August 2001
Rush Hour 2

Reviewed by Niambi Sims

Rush Hour 2

Distributor:New Line Cinema Publicity Shot for Rush Hour 2
Director:Brett Ratner
Producers:Arthur Sarkissian, Roger Birnbaum, Jonathan Glickman, Jay Stern, Andrew Z. Davis
Screenwriter:Jeff Nathanson
Cast:Jackie Chan, Chris Tucker, Zhang Ziyi, John Lone, Alan King, Roselyn Sanchez
Running Time:90 minutes

Three years ago, Los Angeles detectives Carter (Chris Tucker) and Lee (Jackie Chan) propelled us through a comedic joy ride in Rush Hour. Now, the crime- fighting duo is back again. This time around, the kicks are higher and the stunts are even more thrilling as Chan and Tucker keep us rolling with laughter in Rush Hour 2.

Questionable criminal activities begin to simmer in Hong Kong including, the mysterious murder of two U.S. customs detectives. Carter and Lee are sent to crack the case. The prime suspect is ex- cop and current crime lord Ricky Tan (John Lone). Before Scene from Rush Hour 2 leaving the police force, Tan was the partner of Lee’s deceased father. He was also responsible for his death. Lee and Carter are sent to question Tan and instead witness his murder. This gets them promptly dismissed from the case. Lee, fueled by a personal vendetta, and Carter, the ever-supportive partner, decide to pursue the case on their own. With the aid of a sultry, mysterious “detective” (Roselyn Sanchez), they discover a deadly crime ring of counterfeit money manufacturers headed by the high kicking Hu Li (Zhang Ziyi). It seems that they have met their match in Li who has a block for all of their jabs and sidekicks. This diminutive diva packs a pretty potent punch and manages to set them up and kidnap them! They end up in Las Vegas amidst the decadence of a suspicious wealthy Casino owner Steven Reign (Alan King). This leads them to the answers they were seeking plus some un-welcomed surprises.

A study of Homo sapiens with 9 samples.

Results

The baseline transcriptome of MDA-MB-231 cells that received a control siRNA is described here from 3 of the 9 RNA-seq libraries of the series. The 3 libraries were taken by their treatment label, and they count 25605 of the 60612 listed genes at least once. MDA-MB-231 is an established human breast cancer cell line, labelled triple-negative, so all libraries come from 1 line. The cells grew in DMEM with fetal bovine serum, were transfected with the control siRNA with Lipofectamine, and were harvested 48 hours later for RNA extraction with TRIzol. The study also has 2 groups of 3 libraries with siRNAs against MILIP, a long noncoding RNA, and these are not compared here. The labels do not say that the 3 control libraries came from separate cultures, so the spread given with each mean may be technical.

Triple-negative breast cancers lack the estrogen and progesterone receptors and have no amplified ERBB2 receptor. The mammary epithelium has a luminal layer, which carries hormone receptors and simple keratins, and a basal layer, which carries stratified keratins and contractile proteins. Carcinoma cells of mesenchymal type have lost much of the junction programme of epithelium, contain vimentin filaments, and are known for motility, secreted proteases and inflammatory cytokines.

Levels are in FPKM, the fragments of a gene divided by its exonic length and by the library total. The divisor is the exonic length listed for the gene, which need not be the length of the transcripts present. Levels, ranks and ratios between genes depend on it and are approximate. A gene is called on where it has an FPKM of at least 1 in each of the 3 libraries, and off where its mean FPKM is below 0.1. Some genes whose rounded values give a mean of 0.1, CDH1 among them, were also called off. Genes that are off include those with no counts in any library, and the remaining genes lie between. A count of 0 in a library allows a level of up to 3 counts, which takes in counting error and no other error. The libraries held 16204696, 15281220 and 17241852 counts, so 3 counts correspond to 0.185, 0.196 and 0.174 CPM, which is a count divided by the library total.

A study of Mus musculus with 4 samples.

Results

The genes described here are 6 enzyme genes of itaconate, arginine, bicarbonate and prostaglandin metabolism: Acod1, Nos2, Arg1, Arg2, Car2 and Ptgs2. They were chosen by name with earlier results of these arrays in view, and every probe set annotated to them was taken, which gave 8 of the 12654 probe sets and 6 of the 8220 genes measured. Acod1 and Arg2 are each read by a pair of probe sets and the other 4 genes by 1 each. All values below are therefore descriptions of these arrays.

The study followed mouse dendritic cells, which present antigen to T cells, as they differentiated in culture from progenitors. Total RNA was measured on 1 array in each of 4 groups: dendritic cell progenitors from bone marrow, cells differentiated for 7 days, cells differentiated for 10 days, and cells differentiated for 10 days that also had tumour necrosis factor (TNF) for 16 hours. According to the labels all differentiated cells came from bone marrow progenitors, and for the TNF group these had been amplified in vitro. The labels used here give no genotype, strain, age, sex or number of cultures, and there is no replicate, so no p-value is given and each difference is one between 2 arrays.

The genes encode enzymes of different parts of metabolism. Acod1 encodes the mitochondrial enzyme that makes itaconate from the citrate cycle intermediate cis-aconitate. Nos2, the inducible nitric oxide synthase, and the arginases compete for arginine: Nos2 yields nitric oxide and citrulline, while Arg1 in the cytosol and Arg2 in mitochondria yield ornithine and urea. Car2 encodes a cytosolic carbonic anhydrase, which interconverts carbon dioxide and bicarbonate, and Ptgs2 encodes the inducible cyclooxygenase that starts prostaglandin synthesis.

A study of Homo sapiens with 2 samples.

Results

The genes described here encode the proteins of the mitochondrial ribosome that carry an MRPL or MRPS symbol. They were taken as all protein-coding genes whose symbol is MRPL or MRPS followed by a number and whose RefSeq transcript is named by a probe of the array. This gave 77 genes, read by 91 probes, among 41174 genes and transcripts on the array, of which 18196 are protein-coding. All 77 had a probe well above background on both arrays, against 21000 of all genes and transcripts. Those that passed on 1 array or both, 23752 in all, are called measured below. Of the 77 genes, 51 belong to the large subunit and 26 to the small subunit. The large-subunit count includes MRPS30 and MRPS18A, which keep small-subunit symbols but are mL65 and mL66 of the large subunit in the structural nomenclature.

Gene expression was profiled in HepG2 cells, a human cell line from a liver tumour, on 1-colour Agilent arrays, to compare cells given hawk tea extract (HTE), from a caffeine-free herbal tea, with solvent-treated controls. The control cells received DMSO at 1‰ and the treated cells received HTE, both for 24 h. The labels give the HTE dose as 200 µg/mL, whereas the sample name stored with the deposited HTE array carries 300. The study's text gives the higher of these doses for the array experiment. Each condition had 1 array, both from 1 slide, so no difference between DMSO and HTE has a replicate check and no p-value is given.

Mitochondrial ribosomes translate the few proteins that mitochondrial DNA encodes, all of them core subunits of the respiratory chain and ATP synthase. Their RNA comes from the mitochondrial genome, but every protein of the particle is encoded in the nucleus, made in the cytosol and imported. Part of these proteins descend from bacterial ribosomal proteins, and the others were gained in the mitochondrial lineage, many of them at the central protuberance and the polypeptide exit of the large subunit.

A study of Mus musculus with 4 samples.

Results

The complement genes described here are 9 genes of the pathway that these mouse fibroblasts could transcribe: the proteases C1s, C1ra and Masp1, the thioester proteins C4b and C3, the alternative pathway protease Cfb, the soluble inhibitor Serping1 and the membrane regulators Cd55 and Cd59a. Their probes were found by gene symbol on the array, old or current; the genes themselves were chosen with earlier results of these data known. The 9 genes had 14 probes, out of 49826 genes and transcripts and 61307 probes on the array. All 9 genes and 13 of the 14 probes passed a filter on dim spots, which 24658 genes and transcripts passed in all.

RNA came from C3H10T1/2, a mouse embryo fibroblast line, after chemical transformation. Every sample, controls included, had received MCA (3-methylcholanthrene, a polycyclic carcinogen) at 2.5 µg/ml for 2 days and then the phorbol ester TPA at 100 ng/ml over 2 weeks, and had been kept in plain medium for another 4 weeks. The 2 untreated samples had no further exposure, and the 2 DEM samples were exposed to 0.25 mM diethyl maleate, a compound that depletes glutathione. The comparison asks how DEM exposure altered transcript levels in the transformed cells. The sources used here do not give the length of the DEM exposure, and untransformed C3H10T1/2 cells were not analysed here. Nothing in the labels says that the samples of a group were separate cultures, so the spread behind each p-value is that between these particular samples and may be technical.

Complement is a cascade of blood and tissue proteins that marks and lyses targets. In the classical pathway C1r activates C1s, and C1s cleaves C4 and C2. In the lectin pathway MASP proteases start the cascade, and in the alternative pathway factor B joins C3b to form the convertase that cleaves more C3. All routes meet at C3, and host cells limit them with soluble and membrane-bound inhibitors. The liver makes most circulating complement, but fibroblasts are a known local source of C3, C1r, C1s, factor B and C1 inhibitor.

Jackie Chan and Chris Tucker are fabulous together! They have an awesome chemistry and a natural sense of timing. They do all of their own stunts, which alone make the movie worth seeing. The jokes, though often relying heavily on racial slurs, are clever. The story line is simple with just enough twists to be stimulating. Zhang Ziyi proves that she can once again play a strong villainess. There is even a hilarious cameo by veteran actor Don Cheadle. The comedic antics, including a riveting, half naked fight scene in a massage parlor, are hilarious. There is, of course, a Hollywood ending which leaves us with the impression that there may, in fact, be a Rush Hour 3. Hmmmm….you don’t say.